Sexus: The Rosy Crucifixion I

Sexus: The Rosy Crucifixion I

4.4 9
by Henry Miller
     
 


Overview

Henry Miller's monumental venture in self-revelation was begun with his Tropic of Cancer and Tropic of Capricorn, which on their American publication were hailed as "miraculous," "superb," "ribald," "brilliant," and "shamelessly shocking." Sexus is the first volume of a series called The Rosy Crucifixion, in which Miller completes his major life work. It was written in the United States during World War II, and first published in Paris in 1949. Of this remarkable project, Lawrence Durrell has said: "The completion of his seven-volume autobiography, if it fulfills the promise of what he has already given us, will put his name amongst the three or four great figures of the age."

Editorial Reviews

Choice
"Uproariously funnny... may be Miller's masterpiece."

Product Details

ISBN-13:
9781555846978
Publisher:
Grove/Atlantic, Inc.
Publication date:
12/01/2007
Series:
Miller, Henry
Sold by:
Barnes & Noble
Format:
NOOK Book
Pages:
506
Sales rank:
366,791
File size:
2 MB

What People are saying about this

Erica Jong
Miller is more mystic than pornographer. He uses the obscene to shock and awaken, but once we are awake, he wants to take us to the stars.

Anonymous More than 1 year ago
In a fit of intellectual curiosity, I began to do research on Henry Miller and his work. I was consumed by the idea of him and his books, so I dove right into Sexus expecting great things. The first 20 or more pages did not disappoint. They were filled with profound and genious insight. And truthfully, this genious stays with the book until the very end, but not entirely. It is sporadic, at best. After a number of pages, you will notice a complete change in writing style. Then you will notice a lack of any intelligent insight. Then many completely unintersting, nonsensical 5 page tangents. Then you will realize that there is no flow to this book. It is choppy. Then you will realize you are following a terrible story line with terribly dull characters. You will lose the story line multiple times, just as he does, and you will be completely turned off for 3 or 4 dozen pages at a time. You will skim pages looking for something, but will find nothing. Perhaps this book could have been good if there was a definate story line to it. A terrible mistake Miller makes is thinking that the reader actually cares much for his life. For those looking to be enlightened by Miller's artistry. And for those looking to be enlightened as an artist. And for those looking for a profoundly mystical thought that will completely change lives. You will not find it here. Henry Miller may have been a literary genious, but he certainly was not a writer.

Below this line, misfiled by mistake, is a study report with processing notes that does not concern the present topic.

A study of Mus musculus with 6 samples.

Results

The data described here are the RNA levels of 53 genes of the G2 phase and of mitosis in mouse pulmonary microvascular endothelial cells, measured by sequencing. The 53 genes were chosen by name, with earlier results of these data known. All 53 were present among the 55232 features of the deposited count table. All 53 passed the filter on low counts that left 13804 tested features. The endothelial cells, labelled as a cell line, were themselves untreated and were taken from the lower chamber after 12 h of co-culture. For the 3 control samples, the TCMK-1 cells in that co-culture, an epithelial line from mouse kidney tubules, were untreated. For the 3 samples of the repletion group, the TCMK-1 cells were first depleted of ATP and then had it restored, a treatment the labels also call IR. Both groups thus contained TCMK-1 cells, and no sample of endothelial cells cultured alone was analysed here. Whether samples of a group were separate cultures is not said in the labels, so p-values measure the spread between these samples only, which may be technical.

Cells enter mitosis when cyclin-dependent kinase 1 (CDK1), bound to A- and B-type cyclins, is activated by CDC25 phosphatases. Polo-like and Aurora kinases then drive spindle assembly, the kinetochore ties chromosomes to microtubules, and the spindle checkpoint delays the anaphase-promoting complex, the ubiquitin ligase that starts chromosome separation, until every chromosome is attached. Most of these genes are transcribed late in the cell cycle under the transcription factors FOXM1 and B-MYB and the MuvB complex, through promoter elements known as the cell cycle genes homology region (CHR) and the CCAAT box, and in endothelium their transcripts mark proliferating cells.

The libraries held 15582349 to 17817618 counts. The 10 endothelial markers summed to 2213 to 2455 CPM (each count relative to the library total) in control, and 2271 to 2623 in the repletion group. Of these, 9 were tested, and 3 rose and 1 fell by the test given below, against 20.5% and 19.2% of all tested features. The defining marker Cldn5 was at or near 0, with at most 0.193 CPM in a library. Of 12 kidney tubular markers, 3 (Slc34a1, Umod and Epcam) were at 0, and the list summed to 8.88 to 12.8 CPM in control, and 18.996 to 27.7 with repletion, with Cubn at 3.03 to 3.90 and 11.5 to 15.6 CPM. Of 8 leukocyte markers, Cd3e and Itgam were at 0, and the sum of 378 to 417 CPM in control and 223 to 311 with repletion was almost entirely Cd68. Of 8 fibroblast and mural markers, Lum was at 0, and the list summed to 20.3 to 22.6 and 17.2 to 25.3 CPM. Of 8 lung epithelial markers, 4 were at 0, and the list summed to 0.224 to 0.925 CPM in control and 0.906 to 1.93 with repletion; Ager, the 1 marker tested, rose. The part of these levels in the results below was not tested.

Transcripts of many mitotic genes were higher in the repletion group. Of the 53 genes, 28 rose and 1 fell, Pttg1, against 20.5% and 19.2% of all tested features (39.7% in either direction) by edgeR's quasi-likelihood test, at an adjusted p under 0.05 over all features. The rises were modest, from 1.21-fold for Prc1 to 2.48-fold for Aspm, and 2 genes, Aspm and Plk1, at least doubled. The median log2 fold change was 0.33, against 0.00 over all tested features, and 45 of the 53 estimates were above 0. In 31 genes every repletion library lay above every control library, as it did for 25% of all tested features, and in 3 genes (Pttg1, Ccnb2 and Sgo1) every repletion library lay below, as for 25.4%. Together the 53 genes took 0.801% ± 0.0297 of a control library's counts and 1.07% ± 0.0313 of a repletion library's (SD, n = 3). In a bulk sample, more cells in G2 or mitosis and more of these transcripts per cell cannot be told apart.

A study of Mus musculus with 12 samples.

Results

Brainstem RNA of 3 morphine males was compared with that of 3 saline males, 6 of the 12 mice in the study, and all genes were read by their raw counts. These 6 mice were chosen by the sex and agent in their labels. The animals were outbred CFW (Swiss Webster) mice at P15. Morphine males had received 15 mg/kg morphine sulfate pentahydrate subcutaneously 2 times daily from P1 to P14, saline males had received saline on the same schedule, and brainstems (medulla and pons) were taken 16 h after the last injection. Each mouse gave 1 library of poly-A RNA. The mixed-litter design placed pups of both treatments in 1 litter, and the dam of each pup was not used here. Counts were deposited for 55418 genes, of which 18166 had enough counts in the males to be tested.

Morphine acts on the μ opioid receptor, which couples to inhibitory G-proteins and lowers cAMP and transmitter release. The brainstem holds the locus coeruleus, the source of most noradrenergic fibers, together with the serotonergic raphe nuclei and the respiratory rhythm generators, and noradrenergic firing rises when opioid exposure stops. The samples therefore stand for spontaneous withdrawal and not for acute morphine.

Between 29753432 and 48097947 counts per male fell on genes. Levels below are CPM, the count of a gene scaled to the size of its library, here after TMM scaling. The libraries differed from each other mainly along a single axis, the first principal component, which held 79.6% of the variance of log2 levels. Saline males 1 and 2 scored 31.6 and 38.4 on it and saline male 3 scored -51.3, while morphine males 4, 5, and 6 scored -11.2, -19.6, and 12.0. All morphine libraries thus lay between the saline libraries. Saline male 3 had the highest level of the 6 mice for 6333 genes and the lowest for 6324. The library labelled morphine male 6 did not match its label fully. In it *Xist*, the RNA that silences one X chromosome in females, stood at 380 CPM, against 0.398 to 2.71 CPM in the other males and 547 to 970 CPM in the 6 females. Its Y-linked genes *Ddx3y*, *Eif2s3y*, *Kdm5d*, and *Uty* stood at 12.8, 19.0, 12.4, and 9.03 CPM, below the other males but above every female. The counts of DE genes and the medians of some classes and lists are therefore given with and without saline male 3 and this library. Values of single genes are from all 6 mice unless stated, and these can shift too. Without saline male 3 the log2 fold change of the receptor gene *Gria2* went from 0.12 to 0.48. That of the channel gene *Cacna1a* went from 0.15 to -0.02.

Like gears interlocking, this book seemed almost a part of the experiences I was having at the time of reading. It was as if one were reflecting the other and vice versa. Passages appeared suddenly as if summoned, answering questions I hadn't even finished formulating--leading me on to an understanding of a higher order to things. Not as good as the Tropics, but when he gets rolling, hold on!
Guest More than 1 year ago
Probably the best erotic book every written. I read this bood for the first time when it was banned in the U.S. I re-read it so often it finally fell apart.